Copyright is the only right defined in the main text of the U.S. Constitution. It is specified in Article 1, Section 8, so it didn’t have to be added in the amendments known as the Bill of Rights, which tells us how important the concept of copyright was to the founders. They enumerated its dimensions in a sparse sentence:
To promote the Progress of science and useful Arts by securing for limited times to Authors and Inventors the exclusive Right to their respective Writings and Discoveries.
At the recent Senate hearings on the nomination of Dr. Carla D. Hayden to the post of Librarian of Congress, Sen. Angus King of Maine raised the question of whether the Copyright Office should be moved out of its administrative location in the Library of Congress (LC), as some interested parties advocate.
In recent years, the notion that exclusive copyright should only be held by creators “for limited times” has been severely eroded, so that what was once a span of a few years plus an equally short renewal period has become, after intense pressure from copyright holders and others with a stake in copyrights, more than two lifetimes.
I feel that there are good reasons the nation should keep the Copyright Office where it is, but I needed reassurance that my views had some validity. So I telephoned Jim Neal, one of librarianship’s leading experts on copyright and a long-standing champion of both limiting copyrights and creating exemptions to the law to allow access to the intellectual treasures kept locked in commercial ownership. I was unsure of whether my perception that the location of the U.S. Copyright Office within LC helped preserve the founders’ idea that copyright should be awarded for a limited time was sound. It was reinforced when Neal agreed, saying that the location strengthened the understanding that copyright’s purpose is to make research and scholarship accessible.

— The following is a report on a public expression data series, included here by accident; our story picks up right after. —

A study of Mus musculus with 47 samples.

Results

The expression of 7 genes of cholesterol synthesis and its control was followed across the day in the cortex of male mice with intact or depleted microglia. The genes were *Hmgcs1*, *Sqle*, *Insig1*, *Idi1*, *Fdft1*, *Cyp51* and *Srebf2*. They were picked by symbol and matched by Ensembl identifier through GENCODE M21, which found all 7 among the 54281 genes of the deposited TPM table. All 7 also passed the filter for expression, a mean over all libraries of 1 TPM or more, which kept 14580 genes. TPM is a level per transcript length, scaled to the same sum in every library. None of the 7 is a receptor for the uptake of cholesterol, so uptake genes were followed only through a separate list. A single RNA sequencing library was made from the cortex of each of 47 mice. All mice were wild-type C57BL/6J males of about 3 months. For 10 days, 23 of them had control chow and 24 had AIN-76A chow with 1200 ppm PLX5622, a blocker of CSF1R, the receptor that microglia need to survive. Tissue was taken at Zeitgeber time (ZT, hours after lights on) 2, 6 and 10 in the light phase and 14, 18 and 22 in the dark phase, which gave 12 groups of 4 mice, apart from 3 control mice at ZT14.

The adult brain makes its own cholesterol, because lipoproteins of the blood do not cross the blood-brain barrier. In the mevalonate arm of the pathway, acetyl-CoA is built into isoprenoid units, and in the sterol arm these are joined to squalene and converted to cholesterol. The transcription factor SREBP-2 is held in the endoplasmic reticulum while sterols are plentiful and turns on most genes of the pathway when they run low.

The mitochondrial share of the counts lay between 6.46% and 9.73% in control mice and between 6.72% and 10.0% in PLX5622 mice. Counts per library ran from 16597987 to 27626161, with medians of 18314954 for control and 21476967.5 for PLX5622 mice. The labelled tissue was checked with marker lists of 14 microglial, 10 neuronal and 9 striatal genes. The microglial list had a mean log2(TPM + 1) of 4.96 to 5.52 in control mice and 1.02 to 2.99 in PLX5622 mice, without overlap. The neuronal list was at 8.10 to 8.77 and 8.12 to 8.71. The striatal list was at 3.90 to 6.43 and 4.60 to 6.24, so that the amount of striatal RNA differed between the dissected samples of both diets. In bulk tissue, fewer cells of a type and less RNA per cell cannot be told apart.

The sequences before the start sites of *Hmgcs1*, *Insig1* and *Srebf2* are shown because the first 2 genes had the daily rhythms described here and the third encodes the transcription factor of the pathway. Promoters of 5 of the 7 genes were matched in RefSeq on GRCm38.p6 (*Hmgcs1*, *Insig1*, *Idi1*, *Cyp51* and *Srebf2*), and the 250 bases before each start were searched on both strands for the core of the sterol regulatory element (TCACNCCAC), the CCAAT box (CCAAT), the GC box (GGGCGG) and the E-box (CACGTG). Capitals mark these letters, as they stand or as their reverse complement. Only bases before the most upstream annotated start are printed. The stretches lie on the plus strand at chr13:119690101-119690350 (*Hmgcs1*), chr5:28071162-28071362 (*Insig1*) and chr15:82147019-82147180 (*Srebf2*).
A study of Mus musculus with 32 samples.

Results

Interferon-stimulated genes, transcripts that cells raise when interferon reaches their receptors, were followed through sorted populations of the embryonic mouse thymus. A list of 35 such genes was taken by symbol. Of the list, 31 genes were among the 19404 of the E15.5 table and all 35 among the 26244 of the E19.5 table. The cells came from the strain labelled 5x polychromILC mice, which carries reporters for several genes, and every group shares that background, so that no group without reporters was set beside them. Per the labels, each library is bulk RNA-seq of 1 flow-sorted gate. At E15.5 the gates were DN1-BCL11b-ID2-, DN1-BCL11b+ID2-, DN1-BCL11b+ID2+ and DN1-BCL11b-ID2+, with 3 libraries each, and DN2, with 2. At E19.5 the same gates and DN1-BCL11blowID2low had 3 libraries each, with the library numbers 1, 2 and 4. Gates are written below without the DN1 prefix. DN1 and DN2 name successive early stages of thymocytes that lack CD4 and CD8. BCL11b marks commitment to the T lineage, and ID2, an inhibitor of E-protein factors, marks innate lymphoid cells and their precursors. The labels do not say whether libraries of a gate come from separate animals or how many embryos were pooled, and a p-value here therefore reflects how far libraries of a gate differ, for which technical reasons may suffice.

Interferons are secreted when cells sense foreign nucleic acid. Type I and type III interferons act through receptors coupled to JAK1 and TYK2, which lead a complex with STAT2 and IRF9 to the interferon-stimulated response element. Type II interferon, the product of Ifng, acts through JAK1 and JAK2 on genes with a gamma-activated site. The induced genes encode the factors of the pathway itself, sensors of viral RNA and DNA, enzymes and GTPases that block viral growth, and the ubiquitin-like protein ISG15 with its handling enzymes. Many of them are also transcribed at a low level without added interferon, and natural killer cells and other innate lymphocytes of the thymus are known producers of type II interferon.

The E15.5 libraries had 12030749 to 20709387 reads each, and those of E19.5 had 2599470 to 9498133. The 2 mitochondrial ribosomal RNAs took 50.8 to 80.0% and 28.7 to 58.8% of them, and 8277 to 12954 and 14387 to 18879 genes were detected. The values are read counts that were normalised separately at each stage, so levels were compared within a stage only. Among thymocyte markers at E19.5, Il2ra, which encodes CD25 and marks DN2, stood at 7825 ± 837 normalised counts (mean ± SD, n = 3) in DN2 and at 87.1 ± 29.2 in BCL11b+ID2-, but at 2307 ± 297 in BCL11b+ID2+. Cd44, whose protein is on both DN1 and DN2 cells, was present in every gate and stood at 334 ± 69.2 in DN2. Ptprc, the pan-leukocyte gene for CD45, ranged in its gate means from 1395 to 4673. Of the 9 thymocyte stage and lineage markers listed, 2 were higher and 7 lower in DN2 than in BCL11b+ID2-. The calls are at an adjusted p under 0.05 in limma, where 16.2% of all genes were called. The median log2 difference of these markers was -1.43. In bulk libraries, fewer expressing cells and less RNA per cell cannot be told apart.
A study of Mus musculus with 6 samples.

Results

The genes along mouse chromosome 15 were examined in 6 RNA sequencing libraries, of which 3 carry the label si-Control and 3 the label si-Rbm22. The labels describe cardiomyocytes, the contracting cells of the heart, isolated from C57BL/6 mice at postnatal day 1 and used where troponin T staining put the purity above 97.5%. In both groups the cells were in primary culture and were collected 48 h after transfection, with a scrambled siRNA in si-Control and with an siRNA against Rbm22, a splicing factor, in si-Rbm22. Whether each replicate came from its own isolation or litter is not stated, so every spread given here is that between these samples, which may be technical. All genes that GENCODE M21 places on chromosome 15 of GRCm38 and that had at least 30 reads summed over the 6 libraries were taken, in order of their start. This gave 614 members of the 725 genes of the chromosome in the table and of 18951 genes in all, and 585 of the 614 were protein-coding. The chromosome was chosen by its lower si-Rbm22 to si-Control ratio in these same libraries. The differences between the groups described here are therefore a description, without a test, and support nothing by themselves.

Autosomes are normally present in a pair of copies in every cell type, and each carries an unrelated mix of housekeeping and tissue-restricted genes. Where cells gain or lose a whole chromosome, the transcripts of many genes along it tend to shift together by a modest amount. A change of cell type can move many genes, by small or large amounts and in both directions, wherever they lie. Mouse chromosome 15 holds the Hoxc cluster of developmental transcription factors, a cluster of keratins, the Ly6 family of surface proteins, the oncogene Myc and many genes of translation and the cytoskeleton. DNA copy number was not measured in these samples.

Our discussion made me glad that Neal will be inaugurated as president of the American Library Association in 2017. This timing is especially important because his leadership in the battles over copyright has been so crucial to our professional belief in free access to information and knowledge for the growth and health of our society. These battles will surely intensify in the next few years.
We are already facing a challenge increased by the lengthening term of copyright and the efforts of commercial electronic information providers and publishers to replace the old tradition of selling ownership of books and periodicals with a pay per use model governed by contracts. While no one would deny the importance of powerful copyright law to protect the ability of authors and inventors to be compensated for their creations, we seem to have forgotten, as a society, the need for those creations and discoveries to be available for the public good.
The discussions over free access to research in the health sciences that was paid for by the U.S. government but is often locked up in publisher copyrights is a good example of the enduring tensions between the need for free paths to new knowledge and the pressure to make us pay each time we use it. After years of debate, we are slowly moving toward a reasonable agreement on access to that crucial information, but it hasn’t been easy, and forces still oppose any exemptions to closed access.
LC is the right institution to respect both sides of this enduring argument and the right place to find the balance between the compensation of creators and their publishers and the needs of individuals to access and build upon new information to “promote the progress of science and useful arts.”
The Copyright Office should remain at LC to respect and preserve that delicate balance.